June 15, 2024

From cow to carton: Lessons learned on a dairy farm

Focus on Agriculture

Have you ever seen a cow get a pedicure? It was one of the highlights of our recent trip to Katherine Boelen’s family dairy farm in Poweshiek County, Iowa.

We spent a good 10 minutes watching an expert team from Wisconsin trim hooves to keep the cows’ feet healthy. The cows stayed chill, like it was just another visit to the nail salon.

And we even saw a calf being born. Seriously, it was better than anything streaming on YouTube.

As moms who depend on nutrient-dense dairy foods for our kids, it was also fun to see cows being milked and how that milk was piped to a refrigerated tanker truck headed to a processing plant.

While misinformation runs rampant about today’s dairy farms, we got a 360-degree view of what truly happens to get milk from cow to carton.

Here are some takeaways from our tour:

• Dairy cows are treated like professional sport athletes. They receive a highly specialized diet to make sure they get the nutrients they need to keep them healthy. A dairy nutritionist visits the farm once a week to review the cows’ dietary needs.

• All the ingredients that make up a cow’s diet are mixed inside a wagon that acts as a huge KitchenAid. Katherine said it’s necessary to make sure the rations are blended really well, and each ingredient is similar in size — otherwise cows can be like toddlers and only eat the sweets!

• The cows wear digital trackers on their ears to monitor their temperature, movement, rest time and more.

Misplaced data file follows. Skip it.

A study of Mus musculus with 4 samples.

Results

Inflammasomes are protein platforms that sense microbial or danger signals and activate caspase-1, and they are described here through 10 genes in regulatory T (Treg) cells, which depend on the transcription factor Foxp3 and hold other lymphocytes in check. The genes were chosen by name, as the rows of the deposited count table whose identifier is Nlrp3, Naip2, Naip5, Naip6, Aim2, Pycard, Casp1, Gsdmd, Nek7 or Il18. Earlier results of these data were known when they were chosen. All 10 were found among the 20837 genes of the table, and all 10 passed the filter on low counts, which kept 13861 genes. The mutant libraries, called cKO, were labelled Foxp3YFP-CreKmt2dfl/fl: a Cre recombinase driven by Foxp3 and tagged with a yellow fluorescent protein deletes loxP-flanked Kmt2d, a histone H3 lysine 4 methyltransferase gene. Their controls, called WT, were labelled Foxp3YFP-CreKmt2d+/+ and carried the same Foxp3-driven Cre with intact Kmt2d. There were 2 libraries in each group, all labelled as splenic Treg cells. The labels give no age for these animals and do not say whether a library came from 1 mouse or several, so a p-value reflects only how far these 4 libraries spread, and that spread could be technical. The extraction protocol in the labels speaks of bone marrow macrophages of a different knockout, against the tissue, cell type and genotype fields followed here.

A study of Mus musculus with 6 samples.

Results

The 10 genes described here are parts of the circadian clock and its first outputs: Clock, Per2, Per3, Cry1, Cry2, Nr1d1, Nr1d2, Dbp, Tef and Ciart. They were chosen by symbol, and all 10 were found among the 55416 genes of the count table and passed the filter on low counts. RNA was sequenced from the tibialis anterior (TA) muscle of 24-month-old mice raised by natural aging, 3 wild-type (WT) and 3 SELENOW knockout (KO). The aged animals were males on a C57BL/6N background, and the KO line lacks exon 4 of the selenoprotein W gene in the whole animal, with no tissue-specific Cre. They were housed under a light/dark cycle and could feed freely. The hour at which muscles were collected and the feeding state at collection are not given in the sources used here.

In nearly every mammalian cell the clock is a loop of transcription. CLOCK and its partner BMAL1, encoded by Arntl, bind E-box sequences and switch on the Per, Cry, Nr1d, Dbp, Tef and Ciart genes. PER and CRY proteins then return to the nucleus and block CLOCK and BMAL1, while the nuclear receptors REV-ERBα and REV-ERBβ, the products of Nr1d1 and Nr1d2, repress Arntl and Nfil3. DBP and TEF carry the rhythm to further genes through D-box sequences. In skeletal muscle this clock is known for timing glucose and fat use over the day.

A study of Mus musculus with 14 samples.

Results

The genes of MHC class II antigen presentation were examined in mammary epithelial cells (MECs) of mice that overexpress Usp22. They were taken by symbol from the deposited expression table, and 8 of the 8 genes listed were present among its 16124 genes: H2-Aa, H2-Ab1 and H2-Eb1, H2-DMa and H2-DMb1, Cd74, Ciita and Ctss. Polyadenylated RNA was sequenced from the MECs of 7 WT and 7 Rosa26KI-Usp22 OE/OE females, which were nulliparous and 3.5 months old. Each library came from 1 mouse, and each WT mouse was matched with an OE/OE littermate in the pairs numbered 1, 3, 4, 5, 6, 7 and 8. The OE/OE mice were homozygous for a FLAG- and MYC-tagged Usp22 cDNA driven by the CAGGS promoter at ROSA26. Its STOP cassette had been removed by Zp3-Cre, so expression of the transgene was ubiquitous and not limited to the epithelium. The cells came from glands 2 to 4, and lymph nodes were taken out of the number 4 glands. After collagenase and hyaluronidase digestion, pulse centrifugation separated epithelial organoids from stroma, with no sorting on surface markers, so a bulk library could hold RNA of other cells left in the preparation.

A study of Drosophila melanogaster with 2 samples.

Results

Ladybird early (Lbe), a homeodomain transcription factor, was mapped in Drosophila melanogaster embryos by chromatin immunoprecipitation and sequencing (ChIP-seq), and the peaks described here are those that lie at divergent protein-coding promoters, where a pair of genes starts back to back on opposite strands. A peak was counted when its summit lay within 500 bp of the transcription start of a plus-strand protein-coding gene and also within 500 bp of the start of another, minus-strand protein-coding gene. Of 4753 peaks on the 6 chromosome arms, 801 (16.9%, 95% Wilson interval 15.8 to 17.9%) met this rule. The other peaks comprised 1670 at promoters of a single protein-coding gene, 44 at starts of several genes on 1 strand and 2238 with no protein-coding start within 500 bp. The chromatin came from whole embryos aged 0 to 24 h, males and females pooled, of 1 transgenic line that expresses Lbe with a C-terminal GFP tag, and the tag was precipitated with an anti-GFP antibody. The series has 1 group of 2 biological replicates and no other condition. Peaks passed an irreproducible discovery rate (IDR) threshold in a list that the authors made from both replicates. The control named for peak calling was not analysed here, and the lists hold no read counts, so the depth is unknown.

• Each cow gets a “report card,” or a record of stats on how much milk she produces each day, plus other important measurements. Again, much like a pro baseball player.

• It was 90 degrees, sunny and sweltering on the day we visited. However, the barns were cool, with huge fans on the ceilings that kept a nice breeze going through the open garage doors on either side of the barn. Sprinklers are turned on during extremely hot days to keep the cows comfortable.

• The family recently upgraded their equipment to speed-cool the milk — from about 100 degrees when it comes out of the cow to 35 degrees in a matter of seconds — to ensure the milk is super fresh when it arrives at the bottling plant. Not only that, but from cow to carton, the milk is never touched by a human hand.

• Water helps speed-cool the milk down through cooling plates. This same water can be for the cows to drink or to clean equipment. The water used in cleaning can later be used in their manure pits. Manure collected from cows acts as a natural fertilizer and is applied according to state guidelines.

• The Boelens grow cover crops, like rye, to feed back to their cows. Cover crops also work to hold soil and nutrients in place when their corn crop isn’t growing.

• Milk is the original local food. It takes fewer than 48 hours to deliver milk from the cow to the grocery store.

• Every load of milk is tested by the U.S. Department of Agriculture to ensure its safety. The family gets the test results emailed back to them immediately that same day.

• The farm gets inspected — a lot — by third parties for food safety. For example, the USDA sends inspectors to the farm several times a year, which is standard practice in dairy farming. Milk is one of the most regulated foods in the United States.

• If you’re looking to save money, budget-brand milk comes from the same farms as brand-name milk, Katherine says. Each bottle of milk has a label number, which you can look up online to see where the milk comes from. Katherine says she often buys the budget-brand chocolate milk, because her four kids will only drink chocolate milk.

Teresa Bjork is consumer content manager and Caitlyn Lamm is public relations coordinator at Iowa Farm Bureau. The original, full-length version of this column appeared on Iowa Farm Bureau’s Farm Fresh Blog.